Jason Hall cofounded Slow Roll Detroit, one of the largest weekly bicycle rides in the world, bringing together 5,000 people a week to enjoy Detroit at a slower pace. Before devoting his work fulltime to Slow Roll and other Detroit mobility initiatives, Jason was an Associate Director for WDIV Local 4. He has written for Real Detroit and The Detroit Metro Times. He has appeared in the television shows The Detroiters, HBO’s Togetherness, Viceland’s The Pizza Show and The Amazing Race. He has spoken at TedX Detroit and won the Spirit of Detroit award multiple times. Recently he was spotlighted in Michael Bolton’s movie American Dream: Detroit. He has also appeared in ad campaigns for The Henry Ford, The Detroit Pistons and Pure Michigan. He has worked with over 30 charities and co-chaired the American Heart Association Heart Ball in 2017.
Recently, he left Slow Roll to found a new cycling organization, RiDetroit. We wanted to find out more about it, so we asked him some questions…
1. Tell us about RiDetroit.
RiDetroit is an organization devoted to the progression of community initiatives through conversations had while riding bicycles around the city of Detroit.
The inspiration for RiDetroit came from me co-founding Slow Roll Detroit. After running what's arguably the largest weekly bike ride in the world, averaging 5,000 riders a week, I felt like I was losing the ability to have a conversation while riding. I became so involved in keeping people corralled, police routes, funding and all the other things that I lost the real thing we started it for: the conversations. At the same time, as I began to travel the world by bicycle, I started to learn what bicycling not only meant to Detroit, but where it fit globally. That led me to the conclusion that the large ride is amazing and has a place, but for me, I needed something else.
2. Years ago, you started Slow Roll, which grew into a huge event. How does RiDetroit differ from Slow Roll? What made you decide it was time to leave Slow Roll and do something different?
RiDetroit will never have more riders than 250 is the first difference. The large ride has a place, but this about intimate experiences. Slow Roll lost the ability to do a lot of the things that made us what we were. We used to stop and take a group photo. We could also fit in places that it simply cannot anymore.
I decided it was time for me to leave when I felt like it could move on without me. I was so invested in everything that it was a transition, but the organization is capable of growing because now it’s a movement and the people won’t let it die. I always said that even if we stopped doing an official Slow Roll, there will always be one because it belongs to the city and the people.
3. What have you learned in your years of bicycle advocacy?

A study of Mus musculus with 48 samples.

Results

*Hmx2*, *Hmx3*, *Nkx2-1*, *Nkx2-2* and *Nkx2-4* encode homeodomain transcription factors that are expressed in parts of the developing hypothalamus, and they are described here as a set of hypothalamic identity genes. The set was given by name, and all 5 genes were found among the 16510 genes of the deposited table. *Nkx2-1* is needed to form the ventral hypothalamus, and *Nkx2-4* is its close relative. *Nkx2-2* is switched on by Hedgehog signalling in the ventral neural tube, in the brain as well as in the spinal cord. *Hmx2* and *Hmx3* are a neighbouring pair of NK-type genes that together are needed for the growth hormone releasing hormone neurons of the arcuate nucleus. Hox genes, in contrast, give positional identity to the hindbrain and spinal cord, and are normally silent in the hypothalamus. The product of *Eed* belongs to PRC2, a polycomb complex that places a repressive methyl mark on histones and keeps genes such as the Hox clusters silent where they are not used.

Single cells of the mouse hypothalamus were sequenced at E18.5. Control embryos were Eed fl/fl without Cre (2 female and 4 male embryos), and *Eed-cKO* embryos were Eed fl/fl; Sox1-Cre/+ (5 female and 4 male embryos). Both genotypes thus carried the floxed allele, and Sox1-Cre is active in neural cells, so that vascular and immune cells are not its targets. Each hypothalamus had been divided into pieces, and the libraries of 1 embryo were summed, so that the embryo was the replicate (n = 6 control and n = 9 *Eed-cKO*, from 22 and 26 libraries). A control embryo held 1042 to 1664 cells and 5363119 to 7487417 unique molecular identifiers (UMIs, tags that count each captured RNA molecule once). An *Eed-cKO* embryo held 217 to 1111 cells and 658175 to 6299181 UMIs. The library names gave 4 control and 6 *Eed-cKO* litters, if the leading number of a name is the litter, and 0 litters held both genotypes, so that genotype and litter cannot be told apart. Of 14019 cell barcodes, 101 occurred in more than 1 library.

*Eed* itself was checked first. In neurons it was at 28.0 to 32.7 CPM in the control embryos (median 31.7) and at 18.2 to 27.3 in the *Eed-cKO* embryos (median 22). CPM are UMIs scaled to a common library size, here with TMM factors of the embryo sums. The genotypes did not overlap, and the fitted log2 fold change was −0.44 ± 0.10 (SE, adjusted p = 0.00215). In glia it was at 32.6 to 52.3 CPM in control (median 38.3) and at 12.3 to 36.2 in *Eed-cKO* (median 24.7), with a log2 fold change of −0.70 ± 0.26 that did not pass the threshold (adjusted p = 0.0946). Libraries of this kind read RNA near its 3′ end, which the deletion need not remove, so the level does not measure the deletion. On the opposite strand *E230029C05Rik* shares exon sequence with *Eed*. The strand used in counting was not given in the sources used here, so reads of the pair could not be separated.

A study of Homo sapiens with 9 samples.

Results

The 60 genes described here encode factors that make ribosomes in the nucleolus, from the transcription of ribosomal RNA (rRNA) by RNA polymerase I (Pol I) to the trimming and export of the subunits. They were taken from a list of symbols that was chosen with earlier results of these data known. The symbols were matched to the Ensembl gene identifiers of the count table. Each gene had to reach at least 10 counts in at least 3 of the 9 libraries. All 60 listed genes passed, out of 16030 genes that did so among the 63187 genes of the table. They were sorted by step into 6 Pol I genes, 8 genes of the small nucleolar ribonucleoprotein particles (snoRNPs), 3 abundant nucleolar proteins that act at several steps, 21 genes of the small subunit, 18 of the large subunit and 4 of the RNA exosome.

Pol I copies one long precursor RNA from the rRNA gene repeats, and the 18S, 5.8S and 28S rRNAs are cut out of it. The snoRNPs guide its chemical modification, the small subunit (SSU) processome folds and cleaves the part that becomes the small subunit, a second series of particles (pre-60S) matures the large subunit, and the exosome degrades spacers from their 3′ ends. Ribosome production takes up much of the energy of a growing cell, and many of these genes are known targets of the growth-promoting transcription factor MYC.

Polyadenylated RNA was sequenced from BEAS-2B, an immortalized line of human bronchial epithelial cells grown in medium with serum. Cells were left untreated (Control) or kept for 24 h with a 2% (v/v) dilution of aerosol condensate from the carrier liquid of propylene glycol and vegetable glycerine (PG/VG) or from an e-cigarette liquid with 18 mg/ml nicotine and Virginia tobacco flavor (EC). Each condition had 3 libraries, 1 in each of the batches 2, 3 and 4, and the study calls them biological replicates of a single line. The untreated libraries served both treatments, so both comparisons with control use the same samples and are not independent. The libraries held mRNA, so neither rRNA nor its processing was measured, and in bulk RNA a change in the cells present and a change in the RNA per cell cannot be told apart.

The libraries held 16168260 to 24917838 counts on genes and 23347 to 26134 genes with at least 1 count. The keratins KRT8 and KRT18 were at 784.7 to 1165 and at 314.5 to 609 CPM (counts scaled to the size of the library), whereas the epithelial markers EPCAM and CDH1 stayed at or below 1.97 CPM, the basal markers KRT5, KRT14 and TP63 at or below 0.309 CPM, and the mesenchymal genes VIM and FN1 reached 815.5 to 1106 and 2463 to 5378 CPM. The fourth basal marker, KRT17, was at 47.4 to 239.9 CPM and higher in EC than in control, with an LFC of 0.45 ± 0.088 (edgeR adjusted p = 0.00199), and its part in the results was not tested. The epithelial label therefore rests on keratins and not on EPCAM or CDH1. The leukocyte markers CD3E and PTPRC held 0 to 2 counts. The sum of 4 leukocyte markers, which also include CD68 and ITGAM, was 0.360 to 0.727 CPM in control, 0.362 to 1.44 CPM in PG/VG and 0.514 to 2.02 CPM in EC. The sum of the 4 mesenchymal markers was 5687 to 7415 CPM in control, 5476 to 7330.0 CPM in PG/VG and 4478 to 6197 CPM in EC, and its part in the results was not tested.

The importance of equity in the bicycling world is the first thing that I learned. I was excited to see all the bike lanes going in everywhere, but what good is it only a certain group of people have access to those lanes? If I don’t have a bike, why would I support the change that’s happening? We need to get bikes in the hands of everyone. We need to educate everyone on the why of what we doing so it makes sense. What surprised me is that we all think everyone has something as simple as a bike, but they don’t.
4. How has Detroit evolved when it comes to bike riding?
The city has evolved in its acceptance of the bicycle culture. When we started Slow Roll, the city didn’t know what it was. The culture was growing but when we hit, it was an explosion. I applaud the city on how it dealt with our massive growth. Now, they've owned the ride as much as we do. There is always room for growth: more bike lanes, better landscaping solutions. As the city changes, we need to make sure we include not only bicycle infrastructure, but all mobility needs to be taken into consideration.
5. You are also involved in Rebrand Detroit. Tell us about that.
I’ve known Hajj Fleming’s for years and he was an early inspiration of mine. When he called me to be involved with Rebrand Detroit, I couldn’t say no. Detroit is going through an interesting time, and one of the most important things is how the world sees us. We must make sure that when we tell Detroit’s story, it stays authentic. Rebranding Detroit is a group of people that understand that. Detroit has a rich history and we need to preserve that integrity while evolving.
Extra Credit: If you could ride through Detroit with any celebrity, who would it be?
If I could ride a bike with anyone it would be Stevie Wonder. I’m not joking either. I’d love to take him out on a tandem. I would love to hear the wisdom that would come from him. So much love has come out of that man. I can’t imagine the energy.
Sept. 29, 2018: Founders Detroit & RiDetroit Ride for the Detroit Public Schools Foundation
You can join RiDetroit for their next ride on Saturday, September 29th. The ride meets at Founders Brewery in Detroit at 11:00 am. Tickets are $40 and proceeds will benefit the Detroit Public Schools Foundation.